If you’re not already, get used to the acronym ‘MQB’. Volkswagen’s ultra-flexible, lightweight, part aluminium part high strength steel modular platform is rolling out across all VW’s mainstream brands. It’s light, it’s strong and as easy to turn into a large saloon as a small hatchback.

For Volkswagen, Audi, Skoda and Seat it brings unprecedented economies of scale. It will save them vast amounts of money over the lifetime of the platform as its engineering costs are amortised over so much time and so many other products.

Matt
Prior

Road test editor
One tester said the cabin reminded him of his iPod, in that it combines technical sophistication with simpler control logic — fewer buttons and dials, not more. It’s rare in that regard — unique, even

For you, the quality hatchback prospector, compared to the old Audi A3, MQB removes 80kg from the weight of the structure, improves crash safety and liberates more interior space.

Over it, Audi has draped a shape so utterly familiar you can park a new Audi A3 next to the old and not only struggle to tell one from the other but, once your eyes have picked out the myriad differences, still not be entirely sure which is the new car.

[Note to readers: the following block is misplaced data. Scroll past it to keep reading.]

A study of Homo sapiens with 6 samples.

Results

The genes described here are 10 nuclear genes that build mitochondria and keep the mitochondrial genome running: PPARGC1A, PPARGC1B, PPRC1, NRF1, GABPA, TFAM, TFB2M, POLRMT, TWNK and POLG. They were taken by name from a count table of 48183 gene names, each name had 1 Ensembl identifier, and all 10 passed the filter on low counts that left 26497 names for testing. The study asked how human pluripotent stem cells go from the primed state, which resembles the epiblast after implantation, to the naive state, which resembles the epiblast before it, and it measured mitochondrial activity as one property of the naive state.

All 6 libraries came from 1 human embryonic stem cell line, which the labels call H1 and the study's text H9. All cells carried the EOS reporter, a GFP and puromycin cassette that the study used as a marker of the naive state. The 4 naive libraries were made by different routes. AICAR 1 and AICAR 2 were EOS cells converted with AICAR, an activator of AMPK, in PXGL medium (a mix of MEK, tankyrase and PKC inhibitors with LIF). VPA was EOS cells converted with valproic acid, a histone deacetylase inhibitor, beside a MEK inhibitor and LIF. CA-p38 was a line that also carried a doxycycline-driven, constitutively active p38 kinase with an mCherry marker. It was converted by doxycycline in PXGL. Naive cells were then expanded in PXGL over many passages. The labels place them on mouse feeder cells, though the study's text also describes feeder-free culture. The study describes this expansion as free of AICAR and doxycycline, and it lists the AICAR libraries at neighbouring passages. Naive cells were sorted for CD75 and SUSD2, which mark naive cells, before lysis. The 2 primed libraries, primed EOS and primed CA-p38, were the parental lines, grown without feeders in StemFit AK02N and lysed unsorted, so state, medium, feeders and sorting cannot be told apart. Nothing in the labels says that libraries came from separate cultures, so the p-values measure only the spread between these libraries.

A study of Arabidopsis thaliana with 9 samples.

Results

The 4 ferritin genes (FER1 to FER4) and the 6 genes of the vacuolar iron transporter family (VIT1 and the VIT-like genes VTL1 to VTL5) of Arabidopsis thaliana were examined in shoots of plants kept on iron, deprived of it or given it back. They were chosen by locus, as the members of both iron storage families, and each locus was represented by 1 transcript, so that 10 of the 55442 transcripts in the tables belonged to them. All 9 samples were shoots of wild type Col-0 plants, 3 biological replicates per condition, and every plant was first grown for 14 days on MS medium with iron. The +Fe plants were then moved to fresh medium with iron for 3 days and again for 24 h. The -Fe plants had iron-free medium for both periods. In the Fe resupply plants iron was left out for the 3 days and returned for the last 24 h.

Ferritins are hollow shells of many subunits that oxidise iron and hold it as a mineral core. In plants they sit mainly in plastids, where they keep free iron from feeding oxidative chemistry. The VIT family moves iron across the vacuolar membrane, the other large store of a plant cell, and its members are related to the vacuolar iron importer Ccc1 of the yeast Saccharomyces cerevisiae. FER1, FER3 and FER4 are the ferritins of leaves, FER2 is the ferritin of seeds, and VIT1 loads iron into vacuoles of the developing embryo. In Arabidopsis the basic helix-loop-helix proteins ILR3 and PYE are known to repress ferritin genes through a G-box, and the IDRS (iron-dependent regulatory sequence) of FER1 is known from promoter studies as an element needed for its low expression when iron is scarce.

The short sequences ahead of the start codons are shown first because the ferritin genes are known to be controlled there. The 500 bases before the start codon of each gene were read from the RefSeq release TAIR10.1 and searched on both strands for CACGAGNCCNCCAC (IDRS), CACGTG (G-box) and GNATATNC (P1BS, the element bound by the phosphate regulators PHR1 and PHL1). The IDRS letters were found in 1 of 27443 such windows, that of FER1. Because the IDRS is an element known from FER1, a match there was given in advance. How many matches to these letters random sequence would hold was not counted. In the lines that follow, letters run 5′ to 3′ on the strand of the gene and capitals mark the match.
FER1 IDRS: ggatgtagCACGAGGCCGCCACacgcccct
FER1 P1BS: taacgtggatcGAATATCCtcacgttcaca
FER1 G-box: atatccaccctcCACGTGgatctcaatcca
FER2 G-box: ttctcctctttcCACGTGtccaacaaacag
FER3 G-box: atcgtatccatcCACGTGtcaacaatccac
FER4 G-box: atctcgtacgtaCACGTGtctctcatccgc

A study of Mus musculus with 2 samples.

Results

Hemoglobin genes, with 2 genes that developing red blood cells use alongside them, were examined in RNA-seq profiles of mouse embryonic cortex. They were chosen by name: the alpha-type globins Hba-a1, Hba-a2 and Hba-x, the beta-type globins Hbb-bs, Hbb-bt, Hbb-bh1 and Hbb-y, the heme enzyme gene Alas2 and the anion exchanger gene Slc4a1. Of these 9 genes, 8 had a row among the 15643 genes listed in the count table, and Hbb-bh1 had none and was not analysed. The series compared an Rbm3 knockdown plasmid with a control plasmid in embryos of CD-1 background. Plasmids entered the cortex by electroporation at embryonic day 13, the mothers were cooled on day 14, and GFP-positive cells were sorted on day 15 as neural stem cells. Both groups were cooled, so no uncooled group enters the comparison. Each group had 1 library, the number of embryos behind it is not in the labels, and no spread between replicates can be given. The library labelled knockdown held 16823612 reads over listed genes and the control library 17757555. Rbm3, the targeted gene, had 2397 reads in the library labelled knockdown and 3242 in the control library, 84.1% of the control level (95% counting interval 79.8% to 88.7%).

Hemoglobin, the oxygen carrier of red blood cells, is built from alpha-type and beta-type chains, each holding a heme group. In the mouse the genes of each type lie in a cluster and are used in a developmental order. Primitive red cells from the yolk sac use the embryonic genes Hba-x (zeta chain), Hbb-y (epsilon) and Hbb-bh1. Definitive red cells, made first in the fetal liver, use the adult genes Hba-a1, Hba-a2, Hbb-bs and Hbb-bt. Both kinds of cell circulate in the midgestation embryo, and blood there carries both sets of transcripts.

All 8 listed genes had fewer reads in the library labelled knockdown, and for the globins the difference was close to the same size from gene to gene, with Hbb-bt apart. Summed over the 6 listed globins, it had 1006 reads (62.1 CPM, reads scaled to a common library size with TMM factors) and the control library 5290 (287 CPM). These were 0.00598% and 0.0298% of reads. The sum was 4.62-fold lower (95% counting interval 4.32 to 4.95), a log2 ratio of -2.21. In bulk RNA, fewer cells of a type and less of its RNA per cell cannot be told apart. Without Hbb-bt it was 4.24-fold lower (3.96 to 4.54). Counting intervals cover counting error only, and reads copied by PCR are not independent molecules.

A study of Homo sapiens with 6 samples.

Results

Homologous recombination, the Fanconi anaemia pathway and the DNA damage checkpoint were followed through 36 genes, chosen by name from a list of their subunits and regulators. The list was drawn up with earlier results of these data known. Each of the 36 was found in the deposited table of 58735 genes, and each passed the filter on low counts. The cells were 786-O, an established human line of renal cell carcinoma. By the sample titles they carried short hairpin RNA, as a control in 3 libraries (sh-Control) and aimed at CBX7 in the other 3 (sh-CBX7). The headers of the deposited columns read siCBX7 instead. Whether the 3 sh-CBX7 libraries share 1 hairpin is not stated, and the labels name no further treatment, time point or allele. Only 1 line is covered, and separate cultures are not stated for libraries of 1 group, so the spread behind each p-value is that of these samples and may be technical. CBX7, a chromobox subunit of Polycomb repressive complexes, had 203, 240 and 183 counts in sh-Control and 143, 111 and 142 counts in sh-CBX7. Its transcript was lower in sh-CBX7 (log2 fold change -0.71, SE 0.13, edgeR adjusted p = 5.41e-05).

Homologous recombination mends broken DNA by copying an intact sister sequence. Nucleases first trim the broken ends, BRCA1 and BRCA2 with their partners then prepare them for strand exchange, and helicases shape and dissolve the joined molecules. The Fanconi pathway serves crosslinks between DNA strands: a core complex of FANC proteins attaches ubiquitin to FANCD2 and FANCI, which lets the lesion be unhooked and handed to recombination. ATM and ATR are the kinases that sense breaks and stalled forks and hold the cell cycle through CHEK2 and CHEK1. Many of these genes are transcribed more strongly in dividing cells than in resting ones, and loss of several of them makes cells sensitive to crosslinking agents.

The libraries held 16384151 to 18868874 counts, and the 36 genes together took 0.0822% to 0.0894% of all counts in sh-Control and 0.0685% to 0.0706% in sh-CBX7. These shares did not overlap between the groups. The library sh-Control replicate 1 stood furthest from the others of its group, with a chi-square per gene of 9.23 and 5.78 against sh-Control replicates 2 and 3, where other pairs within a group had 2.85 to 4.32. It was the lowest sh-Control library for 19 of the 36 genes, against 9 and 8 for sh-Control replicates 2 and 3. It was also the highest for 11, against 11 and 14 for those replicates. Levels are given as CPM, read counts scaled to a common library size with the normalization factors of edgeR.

Excluding the 296bhp Audi S3, there are two petrol engines, a 104bhp 1.2-litre motor and a 1.4 with either 120bhp or 177bhp. There is a single output for each of the diesels: a 104bhp 1.6-litre or 148bhp 2.0-litre engine.

Predictably enough suspension is by McPherson struts at the front and a fully independent multi-link rear axle for all versions, rather than just the expensive models like the Golf upon which it is based. There are three states of suspension tune, standard, sport and S-Line though the last of these is available only with the top of the range S-Line trim.